European equities manager Tim Stevenson reviews the first round result of the French election, which saw political outsider Emmanuel Macron, founder of the ‘En Marche!’ movement, lead the polls.
Round one of the French presidential election has produced a result that implies that Emmanuel Macron will be the next President, with 23.8% of the vote. He will face Marine Le Pen – the Far Right candidate who did not poll quite as well as expected (21.7%), but who scraped through to the second round run off ahead of the Republican nominee, former Prime Minister François Fillon (19.8%).
Polls for the second round run-off currently imply a vote of over 60% for Macron against less than 40% for Le Pen. As a result the French market has rallied very strongly this morning, led by banks. This better sentiment has spilled over to the rest of Europe.
The clear reason for this rally is that European markets have been held back by political risk over the last 12 months. This risk has been accentuated by tweets from US President Trump and the generally thoroughly anti-European mainstream press in the UK. Markets in Europe have been worried that Europe would follow the Brexit surprise and the Trump surprise and also overturn the establishment. To some extent this has been the case as neither of the established “ruling” parties of the last 30 years will be in power after 7 May. The difference is that Macron is relatively Centrist and is adamantly pro-European.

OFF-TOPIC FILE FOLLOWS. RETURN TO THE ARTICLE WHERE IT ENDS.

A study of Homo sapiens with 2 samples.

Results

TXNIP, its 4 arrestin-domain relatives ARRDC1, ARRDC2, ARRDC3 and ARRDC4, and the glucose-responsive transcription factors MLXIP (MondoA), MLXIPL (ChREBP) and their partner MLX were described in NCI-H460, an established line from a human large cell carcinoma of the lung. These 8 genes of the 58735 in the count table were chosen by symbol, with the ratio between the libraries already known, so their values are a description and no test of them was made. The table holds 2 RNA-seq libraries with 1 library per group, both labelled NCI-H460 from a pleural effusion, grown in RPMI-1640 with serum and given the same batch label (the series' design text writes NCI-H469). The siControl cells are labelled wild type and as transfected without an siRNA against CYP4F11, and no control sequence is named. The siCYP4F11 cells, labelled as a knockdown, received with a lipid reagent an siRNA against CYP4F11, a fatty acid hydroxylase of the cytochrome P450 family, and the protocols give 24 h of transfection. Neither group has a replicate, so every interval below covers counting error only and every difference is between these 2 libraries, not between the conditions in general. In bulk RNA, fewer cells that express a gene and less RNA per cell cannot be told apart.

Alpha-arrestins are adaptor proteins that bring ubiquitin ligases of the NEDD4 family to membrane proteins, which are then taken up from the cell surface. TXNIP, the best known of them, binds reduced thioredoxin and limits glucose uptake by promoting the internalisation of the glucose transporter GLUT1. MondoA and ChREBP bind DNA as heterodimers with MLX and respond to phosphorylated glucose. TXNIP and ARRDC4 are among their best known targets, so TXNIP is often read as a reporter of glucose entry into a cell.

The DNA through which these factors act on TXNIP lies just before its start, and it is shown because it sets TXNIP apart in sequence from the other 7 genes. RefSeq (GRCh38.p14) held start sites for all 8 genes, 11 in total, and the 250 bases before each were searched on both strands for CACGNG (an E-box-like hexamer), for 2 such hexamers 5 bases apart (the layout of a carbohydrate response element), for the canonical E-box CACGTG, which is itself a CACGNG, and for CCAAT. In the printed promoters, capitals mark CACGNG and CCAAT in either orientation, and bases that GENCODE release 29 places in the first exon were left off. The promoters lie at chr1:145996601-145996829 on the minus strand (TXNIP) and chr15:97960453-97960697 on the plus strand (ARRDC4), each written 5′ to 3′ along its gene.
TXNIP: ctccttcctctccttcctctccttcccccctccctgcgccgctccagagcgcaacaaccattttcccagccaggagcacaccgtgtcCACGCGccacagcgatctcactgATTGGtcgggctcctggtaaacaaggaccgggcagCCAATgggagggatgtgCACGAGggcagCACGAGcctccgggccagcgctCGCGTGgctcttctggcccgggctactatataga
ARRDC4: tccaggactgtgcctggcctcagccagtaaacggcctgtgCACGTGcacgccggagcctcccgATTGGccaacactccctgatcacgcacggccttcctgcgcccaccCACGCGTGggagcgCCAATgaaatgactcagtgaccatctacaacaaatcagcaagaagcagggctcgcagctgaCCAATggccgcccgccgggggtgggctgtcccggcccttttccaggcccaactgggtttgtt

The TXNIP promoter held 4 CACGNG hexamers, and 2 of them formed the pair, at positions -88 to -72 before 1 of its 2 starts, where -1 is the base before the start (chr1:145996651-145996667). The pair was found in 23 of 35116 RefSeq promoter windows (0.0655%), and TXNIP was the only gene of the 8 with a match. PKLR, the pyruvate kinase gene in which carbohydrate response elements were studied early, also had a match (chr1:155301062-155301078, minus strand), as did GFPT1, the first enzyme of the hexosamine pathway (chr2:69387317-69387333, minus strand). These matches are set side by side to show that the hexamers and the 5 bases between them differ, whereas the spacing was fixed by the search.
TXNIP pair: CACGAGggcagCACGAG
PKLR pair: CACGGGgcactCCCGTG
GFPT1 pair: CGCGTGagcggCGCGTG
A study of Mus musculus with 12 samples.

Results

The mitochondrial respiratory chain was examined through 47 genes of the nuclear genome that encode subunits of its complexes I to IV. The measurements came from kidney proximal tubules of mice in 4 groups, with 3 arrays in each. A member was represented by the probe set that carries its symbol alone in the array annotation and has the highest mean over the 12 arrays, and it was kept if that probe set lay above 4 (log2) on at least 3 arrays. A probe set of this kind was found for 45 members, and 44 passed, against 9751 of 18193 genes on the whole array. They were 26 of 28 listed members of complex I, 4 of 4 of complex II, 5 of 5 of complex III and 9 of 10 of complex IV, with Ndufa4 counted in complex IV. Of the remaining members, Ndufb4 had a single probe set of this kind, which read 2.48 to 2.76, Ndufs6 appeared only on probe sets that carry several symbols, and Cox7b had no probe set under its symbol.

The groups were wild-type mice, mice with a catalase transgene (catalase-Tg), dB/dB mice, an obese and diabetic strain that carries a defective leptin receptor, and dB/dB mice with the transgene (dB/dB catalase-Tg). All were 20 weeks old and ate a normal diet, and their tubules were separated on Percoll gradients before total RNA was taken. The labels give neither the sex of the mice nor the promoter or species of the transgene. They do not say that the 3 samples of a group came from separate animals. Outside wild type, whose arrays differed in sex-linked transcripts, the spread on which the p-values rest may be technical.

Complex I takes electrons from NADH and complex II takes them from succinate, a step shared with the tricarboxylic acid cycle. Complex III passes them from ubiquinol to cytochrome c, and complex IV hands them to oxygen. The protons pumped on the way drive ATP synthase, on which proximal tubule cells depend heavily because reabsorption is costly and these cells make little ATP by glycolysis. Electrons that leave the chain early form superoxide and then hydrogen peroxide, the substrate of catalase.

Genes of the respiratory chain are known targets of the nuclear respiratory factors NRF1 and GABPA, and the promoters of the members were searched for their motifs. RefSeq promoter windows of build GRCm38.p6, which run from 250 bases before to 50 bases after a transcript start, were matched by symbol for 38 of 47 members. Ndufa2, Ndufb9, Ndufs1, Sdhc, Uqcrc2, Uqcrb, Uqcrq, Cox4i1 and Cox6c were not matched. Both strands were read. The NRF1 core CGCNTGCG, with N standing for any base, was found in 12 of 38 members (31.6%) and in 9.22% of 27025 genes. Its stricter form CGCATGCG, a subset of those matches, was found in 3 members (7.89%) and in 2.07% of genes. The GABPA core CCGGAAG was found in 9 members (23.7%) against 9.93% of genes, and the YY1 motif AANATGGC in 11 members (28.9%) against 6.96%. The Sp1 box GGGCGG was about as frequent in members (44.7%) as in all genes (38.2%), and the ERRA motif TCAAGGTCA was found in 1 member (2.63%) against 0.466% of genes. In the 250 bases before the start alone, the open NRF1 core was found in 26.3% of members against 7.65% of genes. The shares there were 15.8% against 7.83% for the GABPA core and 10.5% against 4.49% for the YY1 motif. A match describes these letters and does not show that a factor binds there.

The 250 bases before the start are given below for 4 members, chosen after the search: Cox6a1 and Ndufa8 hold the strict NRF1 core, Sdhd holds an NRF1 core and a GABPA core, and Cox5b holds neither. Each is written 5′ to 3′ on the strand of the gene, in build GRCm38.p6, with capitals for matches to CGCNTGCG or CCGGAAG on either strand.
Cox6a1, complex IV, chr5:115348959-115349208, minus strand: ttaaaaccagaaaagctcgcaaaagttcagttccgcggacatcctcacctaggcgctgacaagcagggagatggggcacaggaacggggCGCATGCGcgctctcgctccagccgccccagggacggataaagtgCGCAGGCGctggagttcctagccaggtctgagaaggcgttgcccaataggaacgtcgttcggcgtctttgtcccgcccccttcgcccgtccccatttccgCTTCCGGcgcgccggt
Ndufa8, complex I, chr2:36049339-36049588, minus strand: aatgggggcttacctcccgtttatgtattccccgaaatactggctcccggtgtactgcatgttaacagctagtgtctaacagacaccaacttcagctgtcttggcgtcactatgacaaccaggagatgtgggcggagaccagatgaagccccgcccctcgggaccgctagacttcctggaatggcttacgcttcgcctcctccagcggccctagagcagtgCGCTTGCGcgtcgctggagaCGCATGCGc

The reasons markets responded so positively is that it is now almost certain that after the German Elections in September the very aptly identified (by Citi) “political risk premium” in Europe will now fall away and allow investors to focus on:
1. Improving European (ex UK) economies
2. The huge discount at which European equity markets trade compared with the US
3. The reality that European corporate profits are finally improving after a wait of six years.
In terms of strategy we are unlikely to change much. Firstly we are already relatively overweight in France. We are also positioned for the gradual improvement in economic activity and earnings that we continue to see. We hold two bank positions, one insurance company and one pure fund manager name in France, so are heavily overweight in French financials. Overall we are underweight in banks but overweight in other financials.
The next event of note will be whether the French Parliamentary Elections in June provide a structure that will allow Macron, if he does emerge victorious from the second round of the vote in May, to grip many of the issues that the country faces. It seems fair to think this will be the case, as most “moderate” or “centrist” parties are rallying behind Macron for the Presidential vote. They should realise that they will need to support him afterwards, in order to prevent the next French Elections in five years from turning into a radical overthrow of what remains.
The final relevant point is that European leaders will have seen, heard and felt the enormous level of protest and anger against the “European project” over the last 12 months. They now need to grip this problem and come up with a workable solution.